Asheville, Jung Center (PRWEB) October 13, 2013
The Asheville Jung Center hosted Re-Visioning the Dead: Alive in the Afterlife on September 21st. In this Seminar the Afterlife is the topic as it was examined under the scope of Analytical Psychology. The presentation was held online and featured John Hill and Murray Stein who are Jungian Training analysts at the International School of Analytical Psychology in Zurich. The presentation can now be purchased on DVD or online video. It has often been said that sex was repressed in the 19th century and death in the 20th. John Hill asks, “Can we reverse the wheel of history and cherish in our times the dreams, visions, beliefs, and rituals of our ancestors that paid homage to the afterlife? They spared no means in erecting visible signs of a continued presence of the dead among the living. The vast burial mounds of Neolithic culture, the great pyramids of Egypt, the wooden stretchers of Native Americans were visible signs and tangible embodiments of a continuous universe, inspiring great works of art that survived the ravages of time. It is much harder to find signs of the dead in the high-rise edifices of corporate society, five star hotels or temples of consumption. We need to hold on to our dreams and visions of an afterlife, even if our cultural environment remains skeptical.” Murray Stein, Former President of the International School of Analytical Psychology in Zurich, will also be on hand to help aid the fruitful discussion and answer questions. The Asheville Jung Center was founded in 2008 to advance the psychology of Carl Jung and promote an international Jungian community. It is affiliated with innerQuest Psychiatry and Counseling, a regional psychiatrist group.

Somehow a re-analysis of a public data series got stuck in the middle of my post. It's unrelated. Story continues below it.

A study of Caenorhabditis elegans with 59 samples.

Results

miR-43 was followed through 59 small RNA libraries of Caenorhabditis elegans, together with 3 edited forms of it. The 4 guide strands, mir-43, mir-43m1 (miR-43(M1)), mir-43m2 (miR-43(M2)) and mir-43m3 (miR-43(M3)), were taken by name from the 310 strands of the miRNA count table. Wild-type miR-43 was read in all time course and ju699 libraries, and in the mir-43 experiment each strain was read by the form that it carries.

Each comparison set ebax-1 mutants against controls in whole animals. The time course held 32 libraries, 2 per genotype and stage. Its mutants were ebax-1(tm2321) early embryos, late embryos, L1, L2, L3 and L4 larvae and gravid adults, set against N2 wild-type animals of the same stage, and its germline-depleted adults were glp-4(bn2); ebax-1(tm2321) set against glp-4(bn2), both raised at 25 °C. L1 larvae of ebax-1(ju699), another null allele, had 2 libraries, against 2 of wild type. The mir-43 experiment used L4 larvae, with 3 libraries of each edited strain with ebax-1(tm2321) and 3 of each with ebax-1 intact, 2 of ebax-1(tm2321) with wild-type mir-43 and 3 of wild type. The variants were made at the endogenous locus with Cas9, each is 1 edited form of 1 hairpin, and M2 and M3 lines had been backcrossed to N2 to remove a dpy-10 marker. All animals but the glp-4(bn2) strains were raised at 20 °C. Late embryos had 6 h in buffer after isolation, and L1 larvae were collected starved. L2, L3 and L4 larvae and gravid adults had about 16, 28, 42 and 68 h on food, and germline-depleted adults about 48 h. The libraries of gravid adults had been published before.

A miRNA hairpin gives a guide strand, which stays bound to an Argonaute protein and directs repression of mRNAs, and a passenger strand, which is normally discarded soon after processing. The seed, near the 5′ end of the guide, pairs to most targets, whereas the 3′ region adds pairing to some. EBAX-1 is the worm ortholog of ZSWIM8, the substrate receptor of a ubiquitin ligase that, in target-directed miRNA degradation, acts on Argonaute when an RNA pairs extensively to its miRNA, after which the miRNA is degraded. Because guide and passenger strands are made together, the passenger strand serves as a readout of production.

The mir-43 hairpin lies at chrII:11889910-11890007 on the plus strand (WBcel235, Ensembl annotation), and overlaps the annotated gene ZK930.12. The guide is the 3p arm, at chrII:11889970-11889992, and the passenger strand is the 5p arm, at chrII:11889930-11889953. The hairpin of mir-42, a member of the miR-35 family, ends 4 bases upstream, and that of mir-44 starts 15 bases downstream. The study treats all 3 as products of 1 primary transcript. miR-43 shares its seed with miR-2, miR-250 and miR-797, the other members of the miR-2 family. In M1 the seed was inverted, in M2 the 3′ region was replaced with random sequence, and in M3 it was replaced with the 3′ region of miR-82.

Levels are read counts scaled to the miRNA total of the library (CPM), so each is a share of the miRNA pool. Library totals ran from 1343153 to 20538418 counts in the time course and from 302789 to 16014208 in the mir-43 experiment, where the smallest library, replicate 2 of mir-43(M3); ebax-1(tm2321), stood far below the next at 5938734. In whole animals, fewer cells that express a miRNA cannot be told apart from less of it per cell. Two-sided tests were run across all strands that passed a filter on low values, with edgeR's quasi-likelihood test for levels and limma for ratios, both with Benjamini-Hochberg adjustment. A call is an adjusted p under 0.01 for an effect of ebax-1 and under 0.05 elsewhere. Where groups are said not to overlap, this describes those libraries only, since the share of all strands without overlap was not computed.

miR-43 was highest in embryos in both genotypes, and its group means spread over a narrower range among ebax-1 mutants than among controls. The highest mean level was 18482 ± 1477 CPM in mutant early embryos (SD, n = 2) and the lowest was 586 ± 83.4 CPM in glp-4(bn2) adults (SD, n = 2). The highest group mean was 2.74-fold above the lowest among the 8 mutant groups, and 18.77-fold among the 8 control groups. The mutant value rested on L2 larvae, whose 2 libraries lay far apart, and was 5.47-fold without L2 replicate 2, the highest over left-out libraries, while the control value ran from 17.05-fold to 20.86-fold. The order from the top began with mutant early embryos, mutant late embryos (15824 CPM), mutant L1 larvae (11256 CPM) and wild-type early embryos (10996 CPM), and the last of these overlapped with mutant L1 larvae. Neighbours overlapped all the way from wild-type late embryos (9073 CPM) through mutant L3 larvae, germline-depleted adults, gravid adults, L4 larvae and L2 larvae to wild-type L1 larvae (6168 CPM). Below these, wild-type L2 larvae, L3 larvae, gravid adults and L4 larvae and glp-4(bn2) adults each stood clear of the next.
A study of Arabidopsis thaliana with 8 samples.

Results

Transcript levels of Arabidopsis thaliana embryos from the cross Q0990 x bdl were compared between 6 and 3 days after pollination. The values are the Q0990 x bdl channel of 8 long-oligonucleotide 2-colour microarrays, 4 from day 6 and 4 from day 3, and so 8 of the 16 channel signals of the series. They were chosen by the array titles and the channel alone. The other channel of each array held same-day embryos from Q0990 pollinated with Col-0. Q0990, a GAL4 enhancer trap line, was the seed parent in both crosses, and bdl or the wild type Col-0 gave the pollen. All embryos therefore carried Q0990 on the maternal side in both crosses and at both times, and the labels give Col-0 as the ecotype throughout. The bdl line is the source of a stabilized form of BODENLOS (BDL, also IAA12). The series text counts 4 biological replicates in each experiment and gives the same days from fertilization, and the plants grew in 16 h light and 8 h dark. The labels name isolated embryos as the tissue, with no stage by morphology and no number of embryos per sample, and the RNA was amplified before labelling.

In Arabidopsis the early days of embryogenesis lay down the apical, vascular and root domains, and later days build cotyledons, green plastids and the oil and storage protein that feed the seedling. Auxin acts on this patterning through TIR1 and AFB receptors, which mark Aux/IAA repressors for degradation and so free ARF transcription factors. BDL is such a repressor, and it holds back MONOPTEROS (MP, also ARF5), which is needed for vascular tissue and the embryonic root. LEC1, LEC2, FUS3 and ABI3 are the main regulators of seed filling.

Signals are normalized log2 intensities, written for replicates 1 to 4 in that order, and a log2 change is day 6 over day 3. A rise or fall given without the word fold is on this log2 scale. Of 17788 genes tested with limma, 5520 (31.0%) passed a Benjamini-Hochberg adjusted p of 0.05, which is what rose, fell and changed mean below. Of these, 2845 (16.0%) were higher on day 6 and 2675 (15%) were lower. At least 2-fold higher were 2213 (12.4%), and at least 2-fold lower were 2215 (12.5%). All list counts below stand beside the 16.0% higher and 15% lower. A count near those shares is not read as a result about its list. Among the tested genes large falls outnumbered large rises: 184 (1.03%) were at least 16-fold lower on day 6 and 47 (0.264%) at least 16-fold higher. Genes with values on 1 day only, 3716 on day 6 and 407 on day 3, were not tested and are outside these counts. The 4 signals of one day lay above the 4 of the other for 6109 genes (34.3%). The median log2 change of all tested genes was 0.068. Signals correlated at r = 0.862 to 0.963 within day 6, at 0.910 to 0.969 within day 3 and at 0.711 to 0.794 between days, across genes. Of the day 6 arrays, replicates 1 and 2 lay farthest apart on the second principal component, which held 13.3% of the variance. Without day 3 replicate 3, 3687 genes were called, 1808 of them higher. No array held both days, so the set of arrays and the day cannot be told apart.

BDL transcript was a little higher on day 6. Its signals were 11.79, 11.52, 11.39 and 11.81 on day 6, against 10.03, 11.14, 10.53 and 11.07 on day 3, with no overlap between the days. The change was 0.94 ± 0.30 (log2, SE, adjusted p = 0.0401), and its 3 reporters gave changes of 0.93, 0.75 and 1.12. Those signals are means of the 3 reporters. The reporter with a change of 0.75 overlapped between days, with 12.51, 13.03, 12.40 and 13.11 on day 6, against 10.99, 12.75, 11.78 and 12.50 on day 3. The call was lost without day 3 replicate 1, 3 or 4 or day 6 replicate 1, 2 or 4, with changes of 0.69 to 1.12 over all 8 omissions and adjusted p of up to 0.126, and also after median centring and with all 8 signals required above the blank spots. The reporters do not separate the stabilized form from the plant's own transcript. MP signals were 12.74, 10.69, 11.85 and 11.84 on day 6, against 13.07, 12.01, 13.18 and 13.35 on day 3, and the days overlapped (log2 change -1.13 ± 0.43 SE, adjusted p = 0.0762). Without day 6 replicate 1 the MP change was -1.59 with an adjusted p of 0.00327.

In this seminar on the afterlife, John Hill explored the great traditions that preserved not only a living memory of the dead, but also succeeded in making the afterlife tangible and credible. He will presents contemporary dreams and visions that have kept alive those earlier practices and will give examples from his own life and from his practice. He believes that people need a much more open and imaginative approach to life after life. Hopefully the seminar will succeed in bringing to consciousness what Jung implied in the following quote:
“A man should be able to say he has done his best to form a conception of life after death, or to create some image of it – even if he must confess his failure. Not to have done so is a vital loss. For the question that is posed to him is the age-old heritage of humanity: an archetype, rich in secret life, which seeks to add itself to our own individual life in order to make it whole.” C. G. Jung, , Memories, Dreams, Reflections. (New York: Vintage, 1963), p. 329.